Friday, November 16

Born and raised a Bruin, tennis player continues family legacy in UCLA


Ben Goldberg said he hopes to work in college athletics someday after he graduates, as a coach or administrator. The sophomore said he would prefer it to be at UCLA, a place he has been connected to since his childhood. (Aubrey Yeo/Daily Bruin senior staff)

Ben Goldberg said he hopes to work in college athletics someday after he graduates, as a coach or administrator. The sophomore said he would prefer it to be at UCLA, a place he has been connected to since his childhood. (Aubrey Yeo/Daily Bruin senior staff)


Crowds can provoke anxiety in a freshman student-athlete, but not in one who grew up around them.

“Being in front of a crowd, it’s easy to get nervous and get tight … but my upbringing, being at all these huge games, huge crowds, I (feel) super comfortable out there,” sophomore Ben Goldberg said.

Born into a family of Bruins, Goldberg went to countless games at Pauley Pavilion and the Rose Bowl throughout his childhood. The tennis player felt at home among the large game day crowds and envisioned playing for UCLA one day.

Both of Goldberg’s parents and his paternal grandfather attended UCLA. His father, Dan Goldberg, works as the university’s assistant athletic director of compliance, which provided many opportunities for Ben Goldberg to immerse himself in UCLA athletics from a young age.

Ben Goldberg attended three Final Fours in a row from 2006 to 2008. He also recalled excursions with the football team, including trips to Alcatraz before the 2011 Kraft Fight Hunger Bowl in San Francisco and to SeaWorld prior to the 2012 Holiday Bowl in San Diego.

“I got to travel with the team to bowl games on the charter plane. … They got the police escorts on the buses,” the Pacific Palisades native said.

While his father instilled in him his diehard Bruin loyalty, Ben Goldberg’s mother, Vicky Goldberg, introduced him to tennis when he was 3 years old. It was not until he was about 8 years old, however, that he began to focus intensively on the sport.

At age 9, Ben Goldberg met redshirt freshman Connor Rapp at a tournament in Anaheim, California. From there, the pair would become a doubles team for the next nine years on the junior tour, developing a close friendship.

“Sometimes (Ben) invited me (to football games), so I was kind of surrounded by the culture of UCLA,” Rapp said.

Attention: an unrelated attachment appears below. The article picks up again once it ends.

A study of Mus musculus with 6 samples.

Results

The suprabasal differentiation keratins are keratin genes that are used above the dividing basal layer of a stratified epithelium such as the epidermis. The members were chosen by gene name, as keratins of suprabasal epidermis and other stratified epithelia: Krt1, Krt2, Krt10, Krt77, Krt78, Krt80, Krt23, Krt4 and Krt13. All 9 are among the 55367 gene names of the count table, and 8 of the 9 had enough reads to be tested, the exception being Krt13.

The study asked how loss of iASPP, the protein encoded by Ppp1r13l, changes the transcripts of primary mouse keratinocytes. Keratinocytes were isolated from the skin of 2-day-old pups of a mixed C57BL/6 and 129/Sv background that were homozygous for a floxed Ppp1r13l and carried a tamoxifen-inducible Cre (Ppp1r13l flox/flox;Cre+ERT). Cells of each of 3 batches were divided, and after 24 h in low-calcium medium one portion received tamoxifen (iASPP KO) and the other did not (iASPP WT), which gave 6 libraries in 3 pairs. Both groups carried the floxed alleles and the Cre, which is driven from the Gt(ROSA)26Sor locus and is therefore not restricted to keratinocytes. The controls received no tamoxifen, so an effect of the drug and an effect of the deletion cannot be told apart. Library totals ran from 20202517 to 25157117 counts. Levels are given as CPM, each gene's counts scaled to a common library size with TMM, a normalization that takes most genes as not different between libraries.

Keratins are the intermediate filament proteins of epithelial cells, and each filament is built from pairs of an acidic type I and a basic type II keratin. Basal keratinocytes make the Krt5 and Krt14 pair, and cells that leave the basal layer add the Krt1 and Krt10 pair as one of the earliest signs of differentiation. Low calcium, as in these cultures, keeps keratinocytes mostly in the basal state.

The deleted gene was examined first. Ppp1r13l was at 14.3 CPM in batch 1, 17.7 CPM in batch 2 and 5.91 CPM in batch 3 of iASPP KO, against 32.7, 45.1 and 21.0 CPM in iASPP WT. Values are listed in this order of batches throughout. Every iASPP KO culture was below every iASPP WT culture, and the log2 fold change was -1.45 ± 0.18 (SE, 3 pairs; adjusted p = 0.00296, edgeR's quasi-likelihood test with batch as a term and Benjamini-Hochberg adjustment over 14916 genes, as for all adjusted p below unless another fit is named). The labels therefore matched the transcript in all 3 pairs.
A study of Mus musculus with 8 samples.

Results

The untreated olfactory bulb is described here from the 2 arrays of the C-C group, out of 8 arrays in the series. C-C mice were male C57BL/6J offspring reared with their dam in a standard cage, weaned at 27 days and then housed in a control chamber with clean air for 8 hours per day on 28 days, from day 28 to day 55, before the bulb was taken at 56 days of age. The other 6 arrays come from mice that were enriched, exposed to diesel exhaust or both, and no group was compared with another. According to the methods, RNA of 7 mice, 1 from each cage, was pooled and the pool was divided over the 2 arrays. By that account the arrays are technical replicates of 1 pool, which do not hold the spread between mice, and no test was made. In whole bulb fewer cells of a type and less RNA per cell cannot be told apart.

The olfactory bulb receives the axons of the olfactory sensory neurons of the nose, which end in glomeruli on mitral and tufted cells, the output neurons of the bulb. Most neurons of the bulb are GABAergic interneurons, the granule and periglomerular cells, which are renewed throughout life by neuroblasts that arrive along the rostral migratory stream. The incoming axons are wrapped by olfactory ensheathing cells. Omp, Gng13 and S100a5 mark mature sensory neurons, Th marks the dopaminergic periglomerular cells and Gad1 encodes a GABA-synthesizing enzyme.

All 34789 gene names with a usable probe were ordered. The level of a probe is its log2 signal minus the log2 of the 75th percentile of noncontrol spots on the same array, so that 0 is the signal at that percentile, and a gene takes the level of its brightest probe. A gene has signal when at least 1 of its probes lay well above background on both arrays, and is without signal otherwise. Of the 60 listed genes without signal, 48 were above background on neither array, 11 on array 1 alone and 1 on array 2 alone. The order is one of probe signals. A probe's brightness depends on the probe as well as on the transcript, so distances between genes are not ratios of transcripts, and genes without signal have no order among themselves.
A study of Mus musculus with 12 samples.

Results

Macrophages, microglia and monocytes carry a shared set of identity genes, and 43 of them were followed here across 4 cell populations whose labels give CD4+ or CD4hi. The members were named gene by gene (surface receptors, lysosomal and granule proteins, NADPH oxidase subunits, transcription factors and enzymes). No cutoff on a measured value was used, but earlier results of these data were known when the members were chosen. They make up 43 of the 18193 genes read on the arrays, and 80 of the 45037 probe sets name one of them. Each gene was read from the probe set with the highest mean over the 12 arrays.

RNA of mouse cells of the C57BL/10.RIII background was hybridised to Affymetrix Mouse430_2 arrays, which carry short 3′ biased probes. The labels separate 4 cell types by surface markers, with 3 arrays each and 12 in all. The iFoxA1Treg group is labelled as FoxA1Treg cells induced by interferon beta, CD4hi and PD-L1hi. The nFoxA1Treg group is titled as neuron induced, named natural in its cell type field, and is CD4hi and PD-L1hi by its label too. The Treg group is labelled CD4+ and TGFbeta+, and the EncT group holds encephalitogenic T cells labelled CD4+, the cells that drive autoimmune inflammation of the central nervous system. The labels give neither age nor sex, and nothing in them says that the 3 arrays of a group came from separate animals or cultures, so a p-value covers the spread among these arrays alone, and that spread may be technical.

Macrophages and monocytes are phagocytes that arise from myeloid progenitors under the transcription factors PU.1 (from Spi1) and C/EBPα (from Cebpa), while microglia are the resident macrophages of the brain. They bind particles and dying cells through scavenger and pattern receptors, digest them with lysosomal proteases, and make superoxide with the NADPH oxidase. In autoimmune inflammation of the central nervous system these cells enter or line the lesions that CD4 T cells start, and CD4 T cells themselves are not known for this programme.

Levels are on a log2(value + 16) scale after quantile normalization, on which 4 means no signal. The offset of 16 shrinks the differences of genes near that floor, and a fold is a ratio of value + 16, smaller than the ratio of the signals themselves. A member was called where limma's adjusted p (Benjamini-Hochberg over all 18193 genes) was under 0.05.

Ben Goldberg also established an early connection with coach Billy Martin, attending his summer and holiday camps throughout his elementary school years. Martin said he kept a close eye on Ben Goldberg’s progress, especially during his four-year varsity career at Palisades Charter High School.

“I got to know (Ben), watch his tennis progress and follow him during his high school years and doing really well in Southern Cal Juniors,” Martin said.

Martin began to intensively recruit Ben Goldberg during his junior year. The five-star recruit received offers from big and small schools alike, but he only seriously considered UCLA and Wisconsin, whose coach is also from the Pacific Palisades.

“Also, I had to play the other side of it and try to see if it would be good for me to go away. … It was a tough decision,” Ben Goldberg said.

Rapp, who had already committed to UCLA, tried to sway his partner to keep the doubles pair alive.

“I committed first, and then I was recruiting him to come here like, ‘Come on, let’s get this going,’” Rapp said.

Ben Goldberg decided to stay close to home and reunite with Rapp and coach Martin, choosing UCLA three months after Rapp committed.

However, his decision meant turning his back on other schools that could have offered him a larger role.

“There was no guarantee of playing in our top six or playing doubles, yet he could have gone to a lot of other schools and absolutely played in their top six,” Martin said.

Ben Goldberg did not see any game action for the first few weeks of the regular season.

But following an injury to a teammate, he made his dual match debut against USC in the ITA Indoor Championships in February. He and senior Austin Rapp, Connor Rapp’s older brother, won the set against the Trojans 6-4.

Although he did not permanently crack a top-six singles position, Ben Goldberg cultivated a niche in doubles. After initially pairing with Austin Rapp for several matches, he partnered with junior Maxime Cressy.

Ben Goldberg finished his freshman season with a 7-9 record in singles and a 14-16 doubles record. He attained records of 3-0 and 7-10 in singles and doubles dual matches, respectively.

The player has been lauded by Martin for his foot speed and quick in-game adjustments to counter his opponents. Heading into this season, Ben Goldberg has focused on getting stronger, which has helped his serve and aggression.

“When he steps on the court here at UCLA, he’s all business,” Martin said. “He has added that heart to our team.”

Like his father, the sophomore said he hopes to work in college athletics after the conclusion of his tennis career, whether as a coach or as an administrator. Ben Goldberg said he would prefer to work at UCLA and give back to the school that has been such an integral part of his life.

But for now, he’s focused on building off his freshman campaign. Even with the addition of several talented freshmen to the team this year, Ben Goldberg said he aspires to earn mainstay positions in both singles and doubles.

Although neither his role for the upcoming season nor his future aspirations have yet to be fully solidified, one thing is for certain: Ben Goldberg has been and will be a Bruin for life, he said.

I felt like to have the opportunity to go here given my upbringing with everything, (it was) definitely something I couldn’t turn down,” Ben Goldberg said. “I was basically born to be a Bruin.”